Much has happened since Anna’s video tour of the trench in the vicus (which you can watch here). Anna’s tour explained some of the things we were working on during our first week in the vicus, however, that was almost three weeks ago! Since then, everyone in our crew has moved to north side of the trench.
We spent last week uncovering the remains of what is believed to be cavalry barracks from Period III/IV. A sprinkling of vertical wooden posts marks the outlines of rooms and wattle and daub fences. Each has its own small white square nailed into the top to highlight its location. We worked methodically, digging down to a new layer. We began at the northernmost wall and headed south until we reached the wooden drainpipe that cuts through the trench. Then, nearing the end of the week, we turned around and began to dig from the pipe, back towards the northern wall.
As we dug past the Period III/IV flooring bracken, it became clear that our site is host to several clay pits. These pits likely date towards the end of Period I or early Period II. For the past few days we have dug and troweled around the clay to discern the shape and size of these pits. Believe it or not, not all earth was created the same and we can tell the difference between what is part of the pit and what is simply top soil based on colour and consistency.
Controlling the water in the vicus is an ongoing battle (which Liz tells us about). Our days usually start with a (well-practiced) draining of the small lake that forms overnight. The water is either a result of rainfall or leakage from the Roman water pipe at the south end (incredibly, this pipe still works!). As part of our attempt at water management, a sump has been dug in the north end. Over the weeks, we have had to enlarge it to better suit the needs of the excavators.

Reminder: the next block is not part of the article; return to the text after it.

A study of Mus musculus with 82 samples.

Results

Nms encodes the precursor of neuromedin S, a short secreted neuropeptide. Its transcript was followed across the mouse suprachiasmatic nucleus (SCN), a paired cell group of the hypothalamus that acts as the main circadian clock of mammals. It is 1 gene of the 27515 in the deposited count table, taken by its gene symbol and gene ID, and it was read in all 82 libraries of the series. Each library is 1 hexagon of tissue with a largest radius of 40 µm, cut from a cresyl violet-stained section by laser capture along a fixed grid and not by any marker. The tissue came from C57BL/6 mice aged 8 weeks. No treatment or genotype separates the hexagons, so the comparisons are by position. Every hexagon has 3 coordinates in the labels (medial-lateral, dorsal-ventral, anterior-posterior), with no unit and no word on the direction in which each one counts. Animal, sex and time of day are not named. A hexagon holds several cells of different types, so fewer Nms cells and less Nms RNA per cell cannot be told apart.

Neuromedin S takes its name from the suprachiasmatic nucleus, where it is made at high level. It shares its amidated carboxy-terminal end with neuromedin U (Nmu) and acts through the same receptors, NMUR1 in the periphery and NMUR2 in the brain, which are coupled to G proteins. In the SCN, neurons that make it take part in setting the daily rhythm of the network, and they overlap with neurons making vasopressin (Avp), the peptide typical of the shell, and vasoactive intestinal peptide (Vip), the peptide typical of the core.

With all this digging, we have found many wonderful things. Common finds include jaw bones, ribs, and teeth from animals (mostly cows), pieces of scrap leather (often parts of tents), oyster shells, and bits of pottery. We usually find most, if not all, of those things every day. However, we have also found some different, unusual, and exciting objects. Particularly, large tent panels and leather shoes have been found (for more information on shoes see my post). We also found two copper-alloy sewing needles and thin, riveted pieces of copper-alloy which were likely used in tent-making. Aline found a bookmark that seems to be made from a writing tablet and she along with Victoria and Andy have all found parts of tablets. These are very exciting finds because they may have ink writing on them that will tell us more about life at Vindolanda. Large pieces of bright orange samian pottery have also been found, many of which have decorative designs. There are even a few pieces that were found individually yet are clearly part of the same vessel! We did not unearth many metal objects, however, today, Anna dug up a thin piece of metal that is believed to be a hairpin. These are just some of the notable finds we have discovered in the vicus over the past two weeks. The finds will be processed by the post-excavation team or down at the museum, preserved, and studied to add to our growing understanding of the activity in the vicus.
We will continue to drop the trench until the end of the week. There is an extra sense of hustle this week in particular because these are the last few days of excavation for this area. Our goal is to dig straight to the bottom and find as much as we can until Friday. Once completed this will be the end of the vicus trench, not only for us field school students but also for the site. Afterwards and after everything has been recorded, the trench will be back-filled and our work will be covered. Excavators will move to new sites. Excavation is a timed search. We dig and we retrieve and when the trench is deep enough and the clock runs out we refill and move on.
Working in the vicus has been a wonderful experience. There is so much to learn and discover and we will continue to do so right up until the last minute of excavation time on our last day.